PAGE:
Legacy issues need to be resolved through dialogue: Army Chief Gen MM Naravane on China standoff
Gen Naravane also mentioned about the 11th round of Corps commander-level talks between the armies of India and China, and hoped to 'settle other border' issues through further negotiations.
NEW DELHI: In a veiled reference to the border standoff with China, Army Chief Gen MM Naravane on Monday said legacy issues and differences need to be resolved through mutual consent and dialogue, and not by unilateral actions.
In his address at a symposium, Gen MM Naravane, however, noted that there were positive developments with China along the Line of Actual Control (LAC) that led to disengagement of troops in Pangong lake areas in eastern Ladakh.
The Army Chief also said that the recent comments of Chinese Ambassador Sun Weidong "to avoid relapse and jointly safeguard peace and tranquillity in border areas" augurs well for the future of India-China relations.
Talking about regional developments, he referred to the renewed commitment by the armies of India and Pakistan to follow the 2003 ceasefire on the Line of Control(LoC), saying it bodes well for the future.
"We have recently entered into a ceasefire understanding with Pakistan Army in February this year, and since then there has been no exchange of fire on an otherwise active LoC. This bodes well for the future," he said.
"With China too, there have been positive developments along the LAC, an area where both countries have differing perceptions on the alignment of the land borders. This has led to disengagement of troops in eastern Ladakh," he added.
Gen Naravane also mentioned about the 11th round of Corps commander-level talks between the armies of India and China, and hoped to "settle other border" issues through further negotiations. The military standoff between India and China that erupted on May 5 last at multiple friction points in eastern Ladakh has significantly strained bilateral ties.
As a result of a series of military and diplomatic talks, India and China completed withdrawal of troops and weapons from the North and South banks of Pangong lake in February.
The two sides are now engaged in talks to extend the disengagement process to the remaining friction points. "Legacy issues and differences need to be resolved through mutual consent and dialogue and not by unilateral actions," he said.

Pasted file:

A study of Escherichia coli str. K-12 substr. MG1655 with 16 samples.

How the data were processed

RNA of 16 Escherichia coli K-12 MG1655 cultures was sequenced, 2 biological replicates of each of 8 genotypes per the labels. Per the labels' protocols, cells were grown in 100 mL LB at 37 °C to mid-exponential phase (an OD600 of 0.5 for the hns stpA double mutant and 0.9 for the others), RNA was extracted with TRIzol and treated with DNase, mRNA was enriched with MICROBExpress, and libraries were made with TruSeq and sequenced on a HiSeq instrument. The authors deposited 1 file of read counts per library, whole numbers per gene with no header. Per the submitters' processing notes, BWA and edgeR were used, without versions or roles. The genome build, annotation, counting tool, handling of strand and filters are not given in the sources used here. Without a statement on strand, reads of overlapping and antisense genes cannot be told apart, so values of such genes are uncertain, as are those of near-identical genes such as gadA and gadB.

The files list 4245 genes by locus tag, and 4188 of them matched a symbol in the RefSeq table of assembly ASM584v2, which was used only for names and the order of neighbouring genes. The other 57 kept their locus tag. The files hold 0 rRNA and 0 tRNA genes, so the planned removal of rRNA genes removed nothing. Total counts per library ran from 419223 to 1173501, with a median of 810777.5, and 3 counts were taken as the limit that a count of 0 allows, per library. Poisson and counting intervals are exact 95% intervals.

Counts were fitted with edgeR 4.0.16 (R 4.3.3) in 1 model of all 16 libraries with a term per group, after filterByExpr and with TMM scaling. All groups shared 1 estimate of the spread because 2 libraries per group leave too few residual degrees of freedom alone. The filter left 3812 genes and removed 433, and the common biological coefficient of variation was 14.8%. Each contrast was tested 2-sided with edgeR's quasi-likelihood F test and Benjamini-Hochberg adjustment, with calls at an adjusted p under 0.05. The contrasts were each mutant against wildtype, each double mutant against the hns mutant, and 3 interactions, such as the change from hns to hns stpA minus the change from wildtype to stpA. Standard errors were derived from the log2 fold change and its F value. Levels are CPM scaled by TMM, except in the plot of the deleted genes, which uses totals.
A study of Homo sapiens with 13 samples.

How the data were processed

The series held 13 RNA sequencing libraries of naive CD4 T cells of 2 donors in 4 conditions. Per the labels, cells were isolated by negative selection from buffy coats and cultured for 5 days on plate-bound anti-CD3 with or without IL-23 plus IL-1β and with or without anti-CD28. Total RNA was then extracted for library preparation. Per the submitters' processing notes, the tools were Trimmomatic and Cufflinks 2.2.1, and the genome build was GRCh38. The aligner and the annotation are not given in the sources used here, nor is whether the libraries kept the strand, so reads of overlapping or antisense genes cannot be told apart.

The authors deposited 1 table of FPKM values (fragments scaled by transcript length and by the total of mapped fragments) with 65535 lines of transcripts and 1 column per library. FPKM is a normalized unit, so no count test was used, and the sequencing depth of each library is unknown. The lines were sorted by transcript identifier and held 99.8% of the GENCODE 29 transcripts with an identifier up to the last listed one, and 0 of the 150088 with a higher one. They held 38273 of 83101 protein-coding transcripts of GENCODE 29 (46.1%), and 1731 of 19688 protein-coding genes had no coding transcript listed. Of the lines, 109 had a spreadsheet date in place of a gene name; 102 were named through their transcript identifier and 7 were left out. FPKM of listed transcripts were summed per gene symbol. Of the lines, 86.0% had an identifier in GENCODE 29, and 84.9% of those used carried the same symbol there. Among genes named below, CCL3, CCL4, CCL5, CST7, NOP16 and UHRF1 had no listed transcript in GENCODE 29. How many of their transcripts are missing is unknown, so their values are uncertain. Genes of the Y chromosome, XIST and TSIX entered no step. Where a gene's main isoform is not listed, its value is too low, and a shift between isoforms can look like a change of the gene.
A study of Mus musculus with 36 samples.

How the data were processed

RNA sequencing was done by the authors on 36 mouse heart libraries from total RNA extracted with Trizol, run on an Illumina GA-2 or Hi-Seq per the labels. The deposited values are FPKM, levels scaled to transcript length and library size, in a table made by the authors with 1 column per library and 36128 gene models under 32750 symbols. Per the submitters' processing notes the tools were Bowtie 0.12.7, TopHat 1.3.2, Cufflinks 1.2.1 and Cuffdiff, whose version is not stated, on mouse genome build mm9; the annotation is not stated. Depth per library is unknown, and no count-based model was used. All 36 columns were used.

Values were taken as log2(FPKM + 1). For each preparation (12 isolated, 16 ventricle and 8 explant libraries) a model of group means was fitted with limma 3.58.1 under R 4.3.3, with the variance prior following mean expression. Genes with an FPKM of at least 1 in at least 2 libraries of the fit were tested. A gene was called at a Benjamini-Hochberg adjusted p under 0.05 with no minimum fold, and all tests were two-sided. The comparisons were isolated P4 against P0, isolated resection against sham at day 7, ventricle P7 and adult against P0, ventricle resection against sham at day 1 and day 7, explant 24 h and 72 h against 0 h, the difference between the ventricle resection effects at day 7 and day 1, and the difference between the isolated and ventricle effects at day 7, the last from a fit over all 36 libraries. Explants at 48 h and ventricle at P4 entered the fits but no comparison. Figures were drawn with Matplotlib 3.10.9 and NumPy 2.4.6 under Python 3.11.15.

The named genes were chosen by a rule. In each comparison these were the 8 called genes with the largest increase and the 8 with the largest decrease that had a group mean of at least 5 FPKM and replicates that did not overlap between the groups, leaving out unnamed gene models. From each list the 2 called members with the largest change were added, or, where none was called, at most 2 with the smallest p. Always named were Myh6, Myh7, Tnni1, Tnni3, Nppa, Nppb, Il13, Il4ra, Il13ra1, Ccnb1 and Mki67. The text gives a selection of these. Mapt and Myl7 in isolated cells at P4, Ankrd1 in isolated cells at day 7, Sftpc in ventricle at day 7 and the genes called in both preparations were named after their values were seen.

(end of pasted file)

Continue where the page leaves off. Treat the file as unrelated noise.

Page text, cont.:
Talking about new challenges being thrown up by the changing character of war, he said "our own region" is also witnessing that wars are no longer confined to the customary hard core kinetics but being increasingly contested in the ambiguous grey zone."
"However, even as we move to a technology empowered Army, the peculiar unsettled nature of our borders means that the requirement of 'boots on ground' cannot be simply wished away," he added.
Gen Naravane reiterated that India looked to maintain peace and harmony with all its neighbours and in the region. "Maintenance of peace and tranquillity requires joint efforts. All nations need to come together to uphold rules-based order, respect international laws and norms and develop mutual respect for each other," he said.
The Army Chief also said that geo-strategic spaces are being "constricted" and geo-strategic realities are being "altered" without physical battles, noting conflicts are steadily moving to the new domains of space, cyber and informatics.
"We are conscious that niche technologies including artificial intelligence, autonomous and unmanned systems, long range precision technology, internet of things, 5G and quantum computing, to name a few, need to be acquired to remain and capable to face future threats," he said.
About the coronavirus pandemic, he said the Army is devising ways and means to work through the challenging times and get its training schedules back on track. "The disruptive powers of the pandemic have, however, changed the way we think and act. It has also exposed our vulnerability to global supply chains, forcing us to re-engineer our dependencies and work towards self-reliance," he added.